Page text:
A yearlong investigation by the financial crimes unit of the state attorney’s office in Cook County resulted in the Friday arrest of Patricia Lapinski, 66, who worked as an office manager at Vedder Price for more than 30 years, according to firm. Also arrested were Lapinski’s sister, Deborah Acuna, 61, as well as James Bauer, 62, and David Leisen, 57.

All four defendants were charged with felony counts of theft of more than $1 million and are currently free on bond. Vedder Price said in an emailed statement that the scheme didn’t affect its clients or other employees and it has recovered some of the stolen funds.

Prosecutors say that as office manager, Lapinski was responsible for both choosing supplies and equipment vendors for the firm, and for processing the invoices. Lapinski and her sister, who was not employed by Vedder Price, allegedly created a company called DAS Designs in the late 1980s whose sole purpose was to obtain furniture contracts using Lapinski’s position. Acuna claimed to be president and controlled the furniture company’s bank account while Lapinski used a fictitious name to act as signatory.

Throughout the 1990s, Vedder Price placed millions of dollars worth of orders for furniture and other goods from DAS for which it was allegedly overcharged. In 2002, the firm switched to a different office furniture provider, but DAS continued to bill for items it didn’t provide.

All told, DAS Designs billed Vedder Price more than $6.4 million from 2002 to 2013, which Lapinski and her sister allegedly used to finance fancy homes and vacations, among other luxuries, authorities say.

Then, in 2011, Lapinski contacted flooring contractor James Bauer and furniture repairman David Leisen, also longtime vendors of Vedder Price, and allegedly let them in on the scheme. Their companies issued invoices for more than $950,000 for services never provided to the firm, and kicked back a portion of the proceeds to Lapinski, prosecutors say.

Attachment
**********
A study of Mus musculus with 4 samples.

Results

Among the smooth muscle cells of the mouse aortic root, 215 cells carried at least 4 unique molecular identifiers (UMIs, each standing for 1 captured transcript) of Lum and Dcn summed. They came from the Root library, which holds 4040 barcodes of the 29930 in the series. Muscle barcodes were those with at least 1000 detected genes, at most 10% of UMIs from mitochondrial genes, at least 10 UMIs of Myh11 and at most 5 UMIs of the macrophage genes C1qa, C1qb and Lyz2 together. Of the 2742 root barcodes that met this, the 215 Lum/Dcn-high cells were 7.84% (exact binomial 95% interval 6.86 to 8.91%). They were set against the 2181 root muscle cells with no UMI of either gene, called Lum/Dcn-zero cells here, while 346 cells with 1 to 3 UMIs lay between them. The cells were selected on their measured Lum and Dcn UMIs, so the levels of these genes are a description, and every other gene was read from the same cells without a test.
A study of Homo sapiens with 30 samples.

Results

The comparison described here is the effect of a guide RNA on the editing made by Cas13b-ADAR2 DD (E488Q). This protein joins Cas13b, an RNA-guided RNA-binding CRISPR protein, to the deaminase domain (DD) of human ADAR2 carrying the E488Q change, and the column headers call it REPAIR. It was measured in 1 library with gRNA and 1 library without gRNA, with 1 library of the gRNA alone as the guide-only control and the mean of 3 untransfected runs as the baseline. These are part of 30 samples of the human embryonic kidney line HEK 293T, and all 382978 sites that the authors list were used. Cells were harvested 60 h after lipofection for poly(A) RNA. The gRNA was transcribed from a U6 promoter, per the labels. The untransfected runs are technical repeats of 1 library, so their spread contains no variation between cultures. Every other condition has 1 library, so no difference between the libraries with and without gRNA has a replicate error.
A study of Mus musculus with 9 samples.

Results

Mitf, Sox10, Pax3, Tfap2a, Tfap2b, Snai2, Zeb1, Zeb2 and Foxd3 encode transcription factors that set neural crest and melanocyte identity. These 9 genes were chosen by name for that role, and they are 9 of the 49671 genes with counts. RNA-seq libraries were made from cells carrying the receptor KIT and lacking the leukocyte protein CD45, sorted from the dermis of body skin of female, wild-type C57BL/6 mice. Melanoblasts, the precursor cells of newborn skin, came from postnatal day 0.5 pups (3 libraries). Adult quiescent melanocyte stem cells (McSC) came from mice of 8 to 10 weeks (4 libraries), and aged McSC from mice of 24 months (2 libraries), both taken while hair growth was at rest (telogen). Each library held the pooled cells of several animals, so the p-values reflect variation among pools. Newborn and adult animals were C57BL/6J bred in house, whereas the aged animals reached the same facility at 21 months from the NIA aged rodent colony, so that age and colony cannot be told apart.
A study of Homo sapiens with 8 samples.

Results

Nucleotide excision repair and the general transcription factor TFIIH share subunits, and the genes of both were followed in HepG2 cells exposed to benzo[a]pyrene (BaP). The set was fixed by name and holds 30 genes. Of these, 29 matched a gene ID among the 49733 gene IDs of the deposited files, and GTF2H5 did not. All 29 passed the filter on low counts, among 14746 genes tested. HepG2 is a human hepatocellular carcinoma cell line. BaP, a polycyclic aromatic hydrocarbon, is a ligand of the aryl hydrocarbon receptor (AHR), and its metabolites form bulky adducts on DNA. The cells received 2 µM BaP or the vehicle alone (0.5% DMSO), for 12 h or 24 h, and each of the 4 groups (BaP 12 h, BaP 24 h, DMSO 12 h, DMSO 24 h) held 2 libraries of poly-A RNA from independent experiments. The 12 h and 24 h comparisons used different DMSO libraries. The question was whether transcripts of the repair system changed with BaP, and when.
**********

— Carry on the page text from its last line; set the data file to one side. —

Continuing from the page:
Things unraveled in 2012, when Vedder Price got wind of the scheme, turned the matter over to the state attorney’s office for investigation and fired Lapinski. The firm would not comment on how it came to discover the fraud, but it did issue a statement on Tuesday, which read in part: “It is unfortunate that Vedder Price was the victim of this breach of trust by a former employee of over 30 years. The firm already recovered a substantial portion of the funds, and expects to recover more.“

Jason Flemmons, a certified public accountant who formerly served as deputy chief accountant of the enforcement division at the U.S. Securities and Exchange Commission, said the scheme as described by Illinois prosecutors is not uncommon and that “law firms are not immune from that kind of fraud.”

In fact, Vedder Price is one of a string of Am Law firms that have seen crimes committed against them in recent years, including a January 2013 case in which a Fried, Frank, Harris, Shriver & Jacobson employee was charged with stealing $376,000 worth of copy machine toner. Another case involved Mayer Brown’s chief information officer in Chicago, who was federally charged with 10 counts of mail fraud in 2012 for allegedly cheating the company out of $4.2 million by using phony invoices.

Flemmons, who is now senior managing director in FTI Consulting’s forensic accounting practice, was not involved in the Vedder Price investigation. But he provides expert testimony, advises legal and corporate clients and performs internal investigations involving auditing and accounting issues.

“In partnerships and smaller companies that are not subject to a lot of the same regulatory requirements as a public company, you do find many times that the internal control structures are not as robust as they could be, [which gives] them more exposure to something like this,” he says.

To guard against fraud, Flemmons says vendors should come from a list that’s been approved by someone outside of the purchasing department. Another standard control is to have a high-level executive sign off on purchases over a certain dollar amount.